Royal Festival Hall, 14th March 2017
Now I am afraid I don’t know much about classical music but I am learning. I can’t read music or play to save my life. There are vast chunks of the classical music canon that I don’t get on with. I have recordings of the composers I do get on with though in only a few cases do I have more than one recording of the same piece.
But I do know what I like (a statement which will need debunking when it comes to culture generally but that is for another time). And what I do like is Maurizio Pollini playing Beethoven. His recordings are my favourites (along with Paul Lewis, Glenn Gould and a bit of Ashkenazy). Now I have no doubt that there are other recordings I should explore but all in good time.
So suffice to say I was bound to like this. However I was not bowled over by his Chopin performances in February at the RFH (and I did not stay for the Debussy – on the list of stuff I don’t get on with I fear). This however was altogether a marvellous experience.
Pollini for me makes sense of the music in a way that I can understand. I gather some think him a bit cold and clinical if I read the reviews correctly but for me I hear the logic of the music laid out with perfect clarity with enough emotion to lift me up as well.
He kicked off with some Schoenberg. Now I know I am supposed to grasp why Schoenberg was so important to the development of C20 music. I am also coming on in leaps and bounds with my appreciation of contemporary classical music and have started (slowly) delving in to the likes of Xenakis and Ligeti for example. And I can genuinely say that I am starting to “get” some of this stuff.
I can also claim to be making progress with the boy Berg having seen and heard Woyzeck, Lulu and the Violin Concerto in recent months. No idea yet why Woyzeck is so clever in terms of musical construction as I can’t hear the structures yet but I think I will get there.
However so far Schoenberg has eluded me. Mind you that may reflect the fact that I have only heard that Verklarte Nacht a couple of times live and that to me is a bit of syrupy romantic tosh that I cannot fathom.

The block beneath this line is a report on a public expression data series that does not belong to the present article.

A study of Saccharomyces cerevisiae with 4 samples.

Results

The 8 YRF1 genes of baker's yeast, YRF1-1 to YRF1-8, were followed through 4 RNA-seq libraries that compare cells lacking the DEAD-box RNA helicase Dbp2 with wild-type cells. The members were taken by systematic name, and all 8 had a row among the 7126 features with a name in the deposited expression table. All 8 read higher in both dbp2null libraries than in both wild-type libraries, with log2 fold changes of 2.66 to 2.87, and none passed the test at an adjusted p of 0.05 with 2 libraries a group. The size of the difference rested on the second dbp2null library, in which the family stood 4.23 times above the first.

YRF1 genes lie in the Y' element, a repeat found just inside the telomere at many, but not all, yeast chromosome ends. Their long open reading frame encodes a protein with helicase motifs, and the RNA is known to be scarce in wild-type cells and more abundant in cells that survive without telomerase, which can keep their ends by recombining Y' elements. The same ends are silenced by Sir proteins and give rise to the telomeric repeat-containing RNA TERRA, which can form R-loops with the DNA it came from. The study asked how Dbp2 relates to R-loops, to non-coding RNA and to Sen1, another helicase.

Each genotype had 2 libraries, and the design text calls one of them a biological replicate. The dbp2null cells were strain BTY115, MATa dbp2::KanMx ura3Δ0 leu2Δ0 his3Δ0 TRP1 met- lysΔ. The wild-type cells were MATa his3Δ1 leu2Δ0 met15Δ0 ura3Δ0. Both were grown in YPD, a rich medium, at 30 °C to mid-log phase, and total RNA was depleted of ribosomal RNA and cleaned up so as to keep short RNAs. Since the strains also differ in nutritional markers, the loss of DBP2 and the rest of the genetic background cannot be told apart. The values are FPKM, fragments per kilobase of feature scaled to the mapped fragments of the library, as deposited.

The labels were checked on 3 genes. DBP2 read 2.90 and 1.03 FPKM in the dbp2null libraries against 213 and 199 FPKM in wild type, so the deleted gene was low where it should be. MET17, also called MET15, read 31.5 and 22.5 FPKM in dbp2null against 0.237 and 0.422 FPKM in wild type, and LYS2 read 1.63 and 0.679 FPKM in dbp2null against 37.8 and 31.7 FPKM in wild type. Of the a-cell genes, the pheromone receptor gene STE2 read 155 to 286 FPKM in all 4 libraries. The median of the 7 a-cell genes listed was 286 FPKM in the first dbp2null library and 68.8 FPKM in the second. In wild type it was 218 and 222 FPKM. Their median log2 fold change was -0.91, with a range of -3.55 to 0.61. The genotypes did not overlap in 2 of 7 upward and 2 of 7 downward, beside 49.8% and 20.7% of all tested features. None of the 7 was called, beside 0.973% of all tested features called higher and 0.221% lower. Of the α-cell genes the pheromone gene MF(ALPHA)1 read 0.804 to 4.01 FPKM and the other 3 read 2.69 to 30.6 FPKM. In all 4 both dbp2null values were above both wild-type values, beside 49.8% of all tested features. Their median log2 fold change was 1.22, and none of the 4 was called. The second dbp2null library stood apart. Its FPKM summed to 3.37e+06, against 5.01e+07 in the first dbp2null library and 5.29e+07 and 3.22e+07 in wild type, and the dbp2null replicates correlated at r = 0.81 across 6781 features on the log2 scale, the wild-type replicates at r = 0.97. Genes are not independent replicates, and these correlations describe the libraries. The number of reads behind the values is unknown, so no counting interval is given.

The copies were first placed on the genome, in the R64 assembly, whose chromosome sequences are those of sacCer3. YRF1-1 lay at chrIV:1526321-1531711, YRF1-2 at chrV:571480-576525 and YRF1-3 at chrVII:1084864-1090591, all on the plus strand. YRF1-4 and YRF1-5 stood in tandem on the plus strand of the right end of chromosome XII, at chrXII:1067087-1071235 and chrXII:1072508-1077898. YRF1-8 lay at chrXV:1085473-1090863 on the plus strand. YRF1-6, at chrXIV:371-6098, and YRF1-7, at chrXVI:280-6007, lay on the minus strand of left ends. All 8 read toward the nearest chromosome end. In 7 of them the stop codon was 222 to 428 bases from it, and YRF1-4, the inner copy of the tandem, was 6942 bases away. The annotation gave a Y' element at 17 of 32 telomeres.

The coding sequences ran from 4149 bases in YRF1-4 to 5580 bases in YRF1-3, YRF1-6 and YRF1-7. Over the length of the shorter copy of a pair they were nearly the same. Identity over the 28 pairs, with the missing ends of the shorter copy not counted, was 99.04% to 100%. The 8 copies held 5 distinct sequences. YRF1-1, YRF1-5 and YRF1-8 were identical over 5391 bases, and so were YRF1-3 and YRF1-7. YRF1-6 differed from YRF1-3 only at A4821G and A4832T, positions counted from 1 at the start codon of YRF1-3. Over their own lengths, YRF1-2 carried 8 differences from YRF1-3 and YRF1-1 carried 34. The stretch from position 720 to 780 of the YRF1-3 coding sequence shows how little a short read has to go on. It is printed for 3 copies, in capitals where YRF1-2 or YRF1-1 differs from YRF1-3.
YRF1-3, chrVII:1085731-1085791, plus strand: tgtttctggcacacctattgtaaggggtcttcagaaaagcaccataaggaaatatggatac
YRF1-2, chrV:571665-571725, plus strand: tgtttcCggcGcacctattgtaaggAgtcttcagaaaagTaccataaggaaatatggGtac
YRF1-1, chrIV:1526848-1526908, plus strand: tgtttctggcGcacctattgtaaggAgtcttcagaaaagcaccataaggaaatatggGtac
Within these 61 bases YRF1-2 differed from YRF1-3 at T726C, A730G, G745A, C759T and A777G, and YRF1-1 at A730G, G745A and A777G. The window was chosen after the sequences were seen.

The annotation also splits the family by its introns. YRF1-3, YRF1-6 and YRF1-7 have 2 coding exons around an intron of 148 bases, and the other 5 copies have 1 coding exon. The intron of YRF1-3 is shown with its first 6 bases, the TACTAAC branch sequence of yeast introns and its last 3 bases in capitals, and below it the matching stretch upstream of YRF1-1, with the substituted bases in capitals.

Now I can’t pretend that Mr Pollini has converted me but I did concentrate on the two pieces he played in a way that pleasantly surprised me: 3 Pieces for piano, Op.11 ; 6 Little pieces for piano, Op.19. More work for me to do but I think this may be the way into Schoenberg’s world for me. I still could hear a tonal thread but with enough variety and drama to draw me in.
As for the Beethoven well the stand out in the Op 13 “Pathetique” was the Adagio slow movement (mind you anything chorale like is bound to work for a simpleton like me) and I got a bit lost in the final Rondo but that was probably my fault for not concentrating enough. But after the interval the two movement Op.78 “à Thérèse” (I gather the F sharp major key here is the reason this sounds a bit different) and the Op.57 “Appassionata” (where Beethoven delights in exploiting leaps in piano technology) were simply wonderful.
To me Mr Pollini seems to be a little freer in his interpretations compared to the recordings. Mind you those recordings apparently span much of the career of an artist who has been at it for seven decades now. Imagine that. Going to work every day for nearly 60 years trying to get better at what you do whilst giving pleasure to everyone around you. That is “sticking it to the man”. (Indeed I gather Mr Pollini did indeed pursue a more classically politically engaged stance in the 1960s and 1970s making even more of a hero in my book).
Anyway this was just about perfect – I had the thing that I like about concerts when it works where you are just completely immersed in the music. Seemed to me that was shared by the audience (though there was some ar*e trying to record the Schoenberg on their phone until they were told off – I shall return to this subject in later posts but for me this is a bloody outrage).
So here’s the deal. This blog is generally aimed at the culturally curious armed with only a tiny bit of knowledge. For those who know they like or think they might like Beethoven and want to delve into the piano sonatas then this would have been no better way to start. For just a tenner (assuming you are prepared to compromise a bit on the sound at the back of the stalls and don’t mind not seeing the maestro’s hands at work) you can hear this music played by this man who surely ranks as one of the greatest living pianists.
Of course that is no use now it has been and gone but I highly recommend looking out for the great man’s return next year (March 2018). If Beethoven appears just grab a ticket or two.
And while you are at it treat yourself to the complete recordings of the Beethoven sonatas. it took a bit of time I gather for Mr Pollini to record everything but there they are – for £33 on Amazon you get 8 discs (don’t talk to me about downloads – I don’t understand why you wouldn’t want to own physical copies of this music). Get these and decent complete sets of the symphonies and the strong quartets and you will be well on the way to immersing yourself in probably the greatest music every written (the Fall excepted).